Bangladesh has had incredible success fighting hunger. In 1990, almost two-thirds of children younger than five were underweight, but less than one-third are today. Recently, Bangladesh even received a “special recognition” award from the UN's Food and Agriculture Organisation for outstanding progress in fighting hunger and poverty.
National rates of malnutrition, however, are still very high, and stunting is a particular concern. When children are chronically undernourished or have to fight many infections early in life, they can become shorter than normal for their age. Stunting decreases cognitive development, leads to worse health outcomes and school performance, and lowers productivity throughout adult life. It is especially harmful to Bangladesh, because about 6 million children under age five are stunted.
What are the best strategies to combat malnutrition and its dangerous effects? New research by Jonathan Rose, a research advisor with the South Asian Institute of Advanced Legal and Human Rights Studies, examines programmes to fight malnutrition by delivering nutrients and micronutrients to young children and pregnant mothers.
The proposals analyse various strategies that target these vulnerable populations, including education about breast-feeding, energy-packed and high-protein foods, iodised salt, and supplements of vitamin A, zinc, or other micronutrients. The majority of these are already included in Bangladesh's National Nutrition Service strategic plan but have not been fully implemented due to capacity and staffing constraints.
Delivering the nutrition-focused improvements costs roughly Tk. 9,800 per child. If delivered to everyone, the greatest effect from the bundle of education, nutrients, and micronutrients would be on the rate of stunting, which would fall from 36 percent to an estimated 29 percent – averting stunting in roughly 450,000 children. Stunting has many deleterious effects: it hinders mental development, lowers school performance, and leads to worse health outcomes and more diseases later in life. But one of the most well documented outcomes is that stunted children have lower lifetime earnings because of these problems. Thus, a significant measure of the impact of better nutrition is the higher incomes these children will likely have. In total, this amounts to about Tk. 20 million over the course of their working careers (According to Rose's paper, this is with the 5.13 percent growth scenario; if we use the 3 percent growth scenario then the lifetime benefits per child are over Tk. 8 million).
The research shows that each taka spent on the nutrition efforts would do about 19 takas of social good.
In a related analysis, Rose looks at how nutrition could also help pregnant women. In Bangladesh, we have seen great improvement in maternal health - the maternal mortality rate has fallen by more than 40 percent over the past decade. But there is still much to be done, especially because a mother's nutrition carries over to her newborn. Providing nutrients to the mother can be a very advantageous proposition.
Energy and protein supplements decrease the chances of stillbirth and undersized-infants. Calcium reduces pre-eclampsia during birth, which can be fatal for mothers. And iron and folic acid can lower anemia for mothers, a cause of maternal deaths, and also reduce infant birth defects. In addition, all three supplements fight a troubling issue: low birth weight. Newborns with low birth weight face significantly higher rates of infant mortality, are more likely to suffer complications or chronic disease later in life, and are predisposed to stunting. The analysis conservatively estimates that 15 percent of births in Bangladesh are low birth weight.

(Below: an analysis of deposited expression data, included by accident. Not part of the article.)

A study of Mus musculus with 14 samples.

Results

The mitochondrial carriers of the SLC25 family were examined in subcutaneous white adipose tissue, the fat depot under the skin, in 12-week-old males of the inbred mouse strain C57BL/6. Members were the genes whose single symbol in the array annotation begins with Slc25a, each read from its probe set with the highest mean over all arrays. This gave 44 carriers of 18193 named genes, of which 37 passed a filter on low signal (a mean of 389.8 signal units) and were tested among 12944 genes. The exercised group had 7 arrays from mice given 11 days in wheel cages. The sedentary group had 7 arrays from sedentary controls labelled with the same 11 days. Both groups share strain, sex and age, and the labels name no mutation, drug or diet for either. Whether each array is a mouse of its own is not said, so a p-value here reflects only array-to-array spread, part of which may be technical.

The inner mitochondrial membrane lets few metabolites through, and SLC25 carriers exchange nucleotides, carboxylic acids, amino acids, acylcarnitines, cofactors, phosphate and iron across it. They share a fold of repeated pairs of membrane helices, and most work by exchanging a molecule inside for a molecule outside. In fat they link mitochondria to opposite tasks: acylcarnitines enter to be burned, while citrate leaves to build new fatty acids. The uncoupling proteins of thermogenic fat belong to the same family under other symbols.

Giving pregnant women energy and protein could yield great benefits, especially for fighting low birth weight. But the supplement is logistically challenging and costly to deliver - it's more than four times more expensive than the iron-folate supplement. It is estimated that each taka spent will do 17 takas worth of good.
Calcium supplements, on the other hand, are less effective at preventing low birth weight infants, but they can reduce pre-eclampsia by more than 50 percent. In total, each taka spent will do 12 takas worth of good.
Iron-folate supplementation turns out to be most promising, particularly because significant benefits come from costs of just 591 takas per pregnancy. Providing all pregnant Bangladeshi women with iron and folic acid would decrease the risk of anaemia in mothers by 69 percent and reduce low-weight births by nearly 3 percent. The majority of the benefits would come from avoiding lifelong productivity losses that arise from low birth weight. But it would also reduce infant and maternal mortality and lower healthcare costs for children later in life. One taka of spending toward this effort does a striking 27 takas of good.
Each of these supplements could benefit pregnant women, but the analysis shows that iron and folic acid is by far the most cost-effective strategy, allowing more people to be helped, given limited resources. Where would you choose to spend valuable resources if you were in charge and wanted to do the most good for Bangladesh? Contact us at https://copenhagen.fbapp.io/ nutritionpriorities. Let's continue the conversation about how to do the most social good for Bangladesh with every taka spent.
The writer is president of the Copenhagen Consensus Center, ranking the smartest solutions to the world's biggest problems by cost-benefit. He was named one of the world's 100 most influential people by Time magazine.